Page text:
Sometimes the only way to make progress is to leave something behind.
When filmmaker Lee Hirsch released his critically acclaimed documentary Bully earlier this year, educators, students and celebrities came out against a problem many advocates say has reached epidemic proportions.
The film chronicles the verbal and physical abuse suffered by five schoolchildren at the mouths — and often the fists — of their classmates. In one scene, a 14-year-old Sioux City, Utah, student named Alex is hit and verbally assaulted on a school bus; in another scene, a father fights back tears as he recounts how his son hanged himself in a closet after being routinely bullied by classmates at school.
It’s impossible to walk away from the film without empathy for the victims, who lower their heads and trudge off to school every day knowing what awaits them. Recent history, of course, has taught us that bullying is not confined to school buses and halls and locker rooms. It also occurs on the Internet, where the lengths to which some students will go to hurt and disparage their classmates is unfathomable.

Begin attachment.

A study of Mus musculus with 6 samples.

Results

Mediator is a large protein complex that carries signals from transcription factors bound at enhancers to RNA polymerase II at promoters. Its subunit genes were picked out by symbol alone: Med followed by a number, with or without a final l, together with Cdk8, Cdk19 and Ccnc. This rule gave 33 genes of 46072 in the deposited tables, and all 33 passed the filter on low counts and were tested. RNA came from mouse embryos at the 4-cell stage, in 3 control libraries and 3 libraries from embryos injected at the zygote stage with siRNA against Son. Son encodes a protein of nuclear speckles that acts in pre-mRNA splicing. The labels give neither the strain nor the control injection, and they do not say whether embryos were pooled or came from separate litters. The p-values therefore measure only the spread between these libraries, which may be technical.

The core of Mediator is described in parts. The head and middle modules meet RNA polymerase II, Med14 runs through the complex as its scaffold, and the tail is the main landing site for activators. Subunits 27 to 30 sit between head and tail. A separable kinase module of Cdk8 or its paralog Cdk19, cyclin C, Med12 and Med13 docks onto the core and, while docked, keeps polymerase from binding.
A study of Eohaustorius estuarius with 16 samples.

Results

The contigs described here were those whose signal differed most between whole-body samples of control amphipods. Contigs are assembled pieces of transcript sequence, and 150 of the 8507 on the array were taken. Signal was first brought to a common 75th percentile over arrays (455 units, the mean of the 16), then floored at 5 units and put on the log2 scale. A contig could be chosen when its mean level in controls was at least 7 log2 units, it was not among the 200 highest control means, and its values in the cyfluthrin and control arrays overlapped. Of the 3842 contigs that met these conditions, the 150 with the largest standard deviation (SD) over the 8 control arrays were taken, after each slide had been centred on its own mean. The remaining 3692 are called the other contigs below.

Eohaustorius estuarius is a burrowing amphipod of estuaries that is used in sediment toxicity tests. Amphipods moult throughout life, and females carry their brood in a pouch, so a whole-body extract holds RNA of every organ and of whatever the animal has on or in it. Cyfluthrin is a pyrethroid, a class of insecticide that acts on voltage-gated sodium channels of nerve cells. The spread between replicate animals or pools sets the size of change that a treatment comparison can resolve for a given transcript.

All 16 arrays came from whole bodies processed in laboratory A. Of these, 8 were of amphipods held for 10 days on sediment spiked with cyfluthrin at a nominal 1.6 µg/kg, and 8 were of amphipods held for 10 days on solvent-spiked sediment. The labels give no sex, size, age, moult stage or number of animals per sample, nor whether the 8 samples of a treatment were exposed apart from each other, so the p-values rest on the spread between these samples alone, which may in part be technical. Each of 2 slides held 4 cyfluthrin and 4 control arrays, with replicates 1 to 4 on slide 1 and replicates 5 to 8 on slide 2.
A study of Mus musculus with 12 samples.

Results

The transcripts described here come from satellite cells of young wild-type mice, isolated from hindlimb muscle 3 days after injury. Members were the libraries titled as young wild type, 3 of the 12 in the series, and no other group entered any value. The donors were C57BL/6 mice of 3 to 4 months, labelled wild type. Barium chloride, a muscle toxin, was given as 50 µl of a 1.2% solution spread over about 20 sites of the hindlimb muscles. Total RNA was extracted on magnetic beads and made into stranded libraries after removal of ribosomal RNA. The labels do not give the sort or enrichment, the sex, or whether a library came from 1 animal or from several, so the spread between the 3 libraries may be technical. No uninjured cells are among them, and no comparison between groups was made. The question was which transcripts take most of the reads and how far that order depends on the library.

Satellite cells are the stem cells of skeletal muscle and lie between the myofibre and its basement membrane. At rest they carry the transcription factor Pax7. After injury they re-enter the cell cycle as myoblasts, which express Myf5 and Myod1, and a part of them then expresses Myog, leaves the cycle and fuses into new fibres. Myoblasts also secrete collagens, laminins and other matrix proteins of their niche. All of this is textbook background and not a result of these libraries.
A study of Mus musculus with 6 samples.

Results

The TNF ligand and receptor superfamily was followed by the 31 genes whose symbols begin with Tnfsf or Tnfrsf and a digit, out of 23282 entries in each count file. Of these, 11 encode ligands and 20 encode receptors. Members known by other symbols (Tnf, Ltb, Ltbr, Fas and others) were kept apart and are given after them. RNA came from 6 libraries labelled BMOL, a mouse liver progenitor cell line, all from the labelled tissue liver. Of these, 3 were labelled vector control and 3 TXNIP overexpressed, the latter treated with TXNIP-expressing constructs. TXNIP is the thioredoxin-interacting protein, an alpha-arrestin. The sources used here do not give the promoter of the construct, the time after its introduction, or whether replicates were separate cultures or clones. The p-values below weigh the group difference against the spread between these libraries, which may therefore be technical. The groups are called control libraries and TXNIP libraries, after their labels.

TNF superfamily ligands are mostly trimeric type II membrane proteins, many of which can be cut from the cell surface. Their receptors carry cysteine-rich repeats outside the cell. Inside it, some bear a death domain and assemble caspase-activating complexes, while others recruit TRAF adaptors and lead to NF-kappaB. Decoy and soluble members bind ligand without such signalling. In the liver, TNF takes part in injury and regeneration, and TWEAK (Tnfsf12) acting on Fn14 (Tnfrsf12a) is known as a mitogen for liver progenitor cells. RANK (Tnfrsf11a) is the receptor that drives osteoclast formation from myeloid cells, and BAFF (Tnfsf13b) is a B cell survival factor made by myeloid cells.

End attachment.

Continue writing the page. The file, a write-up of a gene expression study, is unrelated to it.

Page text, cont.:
Thirteen-year-old Megan Meier killed herself in 2006 after a classmate’s mother repeatedly threatened and insulted Megan on MySpace. Late last year, 15-year-old Amanda Cummings jumped in front of a bus on Staten Island. Several news reports said classmates had tormented her about a boy. The abuse continued on her Facebook page, even as she lay dying in a hospital bed.
To stop the abuse, students, parents, teachers and anyone who works with young people must understand how these attacks occur and do whatever they can to promote respect both online and in our schools.
It’s impossible to deny the good that computers and the Internet have done for education, but what can be done about this problem of bullying? Tell us in the Comments section.